I accidentally snagged a dress when I tried it on in a store. It wasn't noticeable and the last one in my size. Is it acceptable to ask for a discount? Do I mention that I was the one who tore it? - Discount Dreamer, Auckland
It's completely acceptable to ask for a discount on a new garment with a rip in it, but not if you're confident you made the tear yourself. Even if it was a mistake, that's completely unethical.
It's also unethical to damage something in a store and not tell anybody about it if you don't plan on buying it anyway. Most shop assistants will not ask you to pay if it was a genuine mistake - say it snagged on the doorframe of the changing room, or the security tag got caught on a hanger - they'll simply write the item off. But, if you say nothing and put the garment back, the person who does end up paying full price for it (assuming they don't notice the rip and ask for a discount) isn't buying the unworn, brand-spanking new outfit they think they're buying.
Were you in that situation, you'd be pissed, right? It's hard to return a garment with a tear in it, because you have no proof the damage didn't occur in your possession.
The moral of the story? If it's the last in your size, buy the garment, don't ask for the discount, and repair it when you get home. If there are others in your size (or you don't want to buy it after all), just say something to a staffer. Unless it's a $10,000 Balenciaga you have nothing to worry about.
What are the rules of social etiquette when using Uber? Do I still sit in the back? It feels a bit impersonal. - Riding Restless, Auckland
While it's standard protocol to sit in the back seat when you get into a cab, Uber - being part of the disruptive sharing economy - abides by no such traditional guidelines.
When being picked up by an Uber driver you've never met before, it's still a good idea to sit in the back, however, for two reasons.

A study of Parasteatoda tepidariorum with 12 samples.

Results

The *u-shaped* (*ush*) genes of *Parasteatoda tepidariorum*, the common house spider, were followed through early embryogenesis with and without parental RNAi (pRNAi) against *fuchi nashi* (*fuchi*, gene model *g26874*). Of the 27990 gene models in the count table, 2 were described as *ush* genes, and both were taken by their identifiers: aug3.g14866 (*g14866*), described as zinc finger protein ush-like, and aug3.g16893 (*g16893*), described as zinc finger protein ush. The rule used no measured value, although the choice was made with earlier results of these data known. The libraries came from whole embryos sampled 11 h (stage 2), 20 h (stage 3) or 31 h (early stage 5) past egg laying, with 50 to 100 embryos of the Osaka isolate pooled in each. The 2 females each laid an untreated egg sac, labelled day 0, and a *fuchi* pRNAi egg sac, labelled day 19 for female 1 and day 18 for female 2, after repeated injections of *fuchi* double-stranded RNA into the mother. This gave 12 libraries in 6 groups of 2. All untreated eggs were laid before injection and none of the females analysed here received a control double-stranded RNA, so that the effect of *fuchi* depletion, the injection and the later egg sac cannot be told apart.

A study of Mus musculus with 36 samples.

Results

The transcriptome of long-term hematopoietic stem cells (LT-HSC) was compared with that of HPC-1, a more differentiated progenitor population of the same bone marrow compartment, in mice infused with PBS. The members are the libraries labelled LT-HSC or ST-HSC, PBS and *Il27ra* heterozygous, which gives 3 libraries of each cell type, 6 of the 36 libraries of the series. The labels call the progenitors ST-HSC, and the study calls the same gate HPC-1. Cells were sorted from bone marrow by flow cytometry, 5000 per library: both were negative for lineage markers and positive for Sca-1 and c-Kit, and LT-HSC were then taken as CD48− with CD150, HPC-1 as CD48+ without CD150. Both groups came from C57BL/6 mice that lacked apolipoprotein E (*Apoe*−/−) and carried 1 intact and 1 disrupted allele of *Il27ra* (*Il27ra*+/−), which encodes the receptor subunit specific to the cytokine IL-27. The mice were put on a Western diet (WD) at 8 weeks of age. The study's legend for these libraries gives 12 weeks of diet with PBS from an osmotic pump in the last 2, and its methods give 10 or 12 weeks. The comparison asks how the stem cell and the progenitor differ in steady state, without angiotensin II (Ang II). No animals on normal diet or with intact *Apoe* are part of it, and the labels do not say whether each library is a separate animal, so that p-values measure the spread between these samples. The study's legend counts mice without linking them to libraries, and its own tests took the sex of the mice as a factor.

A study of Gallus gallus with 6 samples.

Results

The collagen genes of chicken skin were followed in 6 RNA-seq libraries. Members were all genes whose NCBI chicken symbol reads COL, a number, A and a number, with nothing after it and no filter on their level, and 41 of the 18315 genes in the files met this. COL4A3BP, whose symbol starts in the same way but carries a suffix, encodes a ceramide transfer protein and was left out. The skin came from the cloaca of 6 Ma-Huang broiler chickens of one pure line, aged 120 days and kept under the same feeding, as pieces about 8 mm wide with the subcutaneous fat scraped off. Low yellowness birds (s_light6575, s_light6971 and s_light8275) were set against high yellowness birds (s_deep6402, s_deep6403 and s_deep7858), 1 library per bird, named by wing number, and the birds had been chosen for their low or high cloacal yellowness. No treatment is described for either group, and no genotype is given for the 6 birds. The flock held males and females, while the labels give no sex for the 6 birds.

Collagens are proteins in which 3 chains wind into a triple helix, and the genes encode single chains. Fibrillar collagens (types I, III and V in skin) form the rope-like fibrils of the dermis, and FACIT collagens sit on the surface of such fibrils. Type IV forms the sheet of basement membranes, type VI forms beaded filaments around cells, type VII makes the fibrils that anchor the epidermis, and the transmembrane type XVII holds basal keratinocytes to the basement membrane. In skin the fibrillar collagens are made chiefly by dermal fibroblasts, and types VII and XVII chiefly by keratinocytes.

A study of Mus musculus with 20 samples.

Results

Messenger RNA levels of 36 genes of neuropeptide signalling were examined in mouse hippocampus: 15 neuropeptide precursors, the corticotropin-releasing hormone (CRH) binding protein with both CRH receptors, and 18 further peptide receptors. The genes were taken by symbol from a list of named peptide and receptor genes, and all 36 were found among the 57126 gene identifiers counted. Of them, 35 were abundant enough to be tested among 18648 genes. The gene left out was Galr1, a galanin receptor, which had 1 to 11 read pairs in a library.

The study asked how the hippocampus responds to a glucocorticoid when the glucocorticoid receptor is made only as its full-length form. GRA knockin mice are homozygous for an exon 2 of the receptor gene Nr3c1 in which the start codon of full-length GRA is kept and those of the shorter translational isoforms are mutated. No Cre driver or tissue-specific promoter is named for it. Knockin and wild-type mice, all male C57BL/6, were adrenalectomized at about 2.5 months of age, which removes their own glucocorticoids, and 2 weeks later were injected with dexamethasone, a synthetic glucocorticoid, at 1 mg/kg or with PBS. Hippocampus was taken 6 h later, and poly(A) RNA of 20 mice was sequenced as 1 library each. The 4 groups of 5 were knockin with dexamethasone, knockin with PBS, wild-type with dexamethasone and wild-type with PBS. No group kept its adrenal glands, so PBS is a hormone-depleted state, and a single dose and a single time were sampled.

First is the driver's own personal comfort. Unlike in a taxi, Uber cars have no security cameras or preventative systems to ensure driver safety from their passengers. We must all assume it can be quite daunting to have you, a complete stranger with only a rating to your name, sit right in a driver's personal bubble.
This goes both ways, though. While Uber vets its drivers, there have been instances of them attacking passengers (equally, there are instances of taxi drivers attacking passengers too, and Uber doesn't deserve the bad rap it got last year.). To maintain your own personal safety - again, because there are no cameras, no barriers, nothing to protect you in someone else's car - it's smart to sit behind the driver to ensure trouble is out of hand's reach.
In saying all of this, Uber's rating system is reliable and once you've ridden with a driver once and feel comfortable with them (and they with you), there's no harm in jumping in the front seat next time. Unlike many taxi drivers, these men and women are cordial and usually have a great story to tell, and neither of you should mind feeling like "friends", despite the fact you're still paying for a service.
When giving a donation to a colleague or friend for a fundraiser, is it rude to ask for change from a note? - Charity Case, Auckland
If you're buying a $2 chocolate bar for your colleague's daughter's netball team with a $10 note, of course you're going to ask for change. The same goes for any other kind of donation with a fixed suggested fee: you're giving what is advertised, not less, not more.
Where the donation is open based on the need and your ability to give, whether you can ask for change really depends on the size of a note. If you have $5 and want to give $4, let your extra dollar go. If you only have a $20 or a $50 in your wallet, but the cause calls for a fiver, exclaim, "I only have big bills, do you have change?" before you reveal how much you're going to give.
If the answer is yes, go for it and ask for change. If the answer is no, it's up to you to give the whole amount, or nothing at all.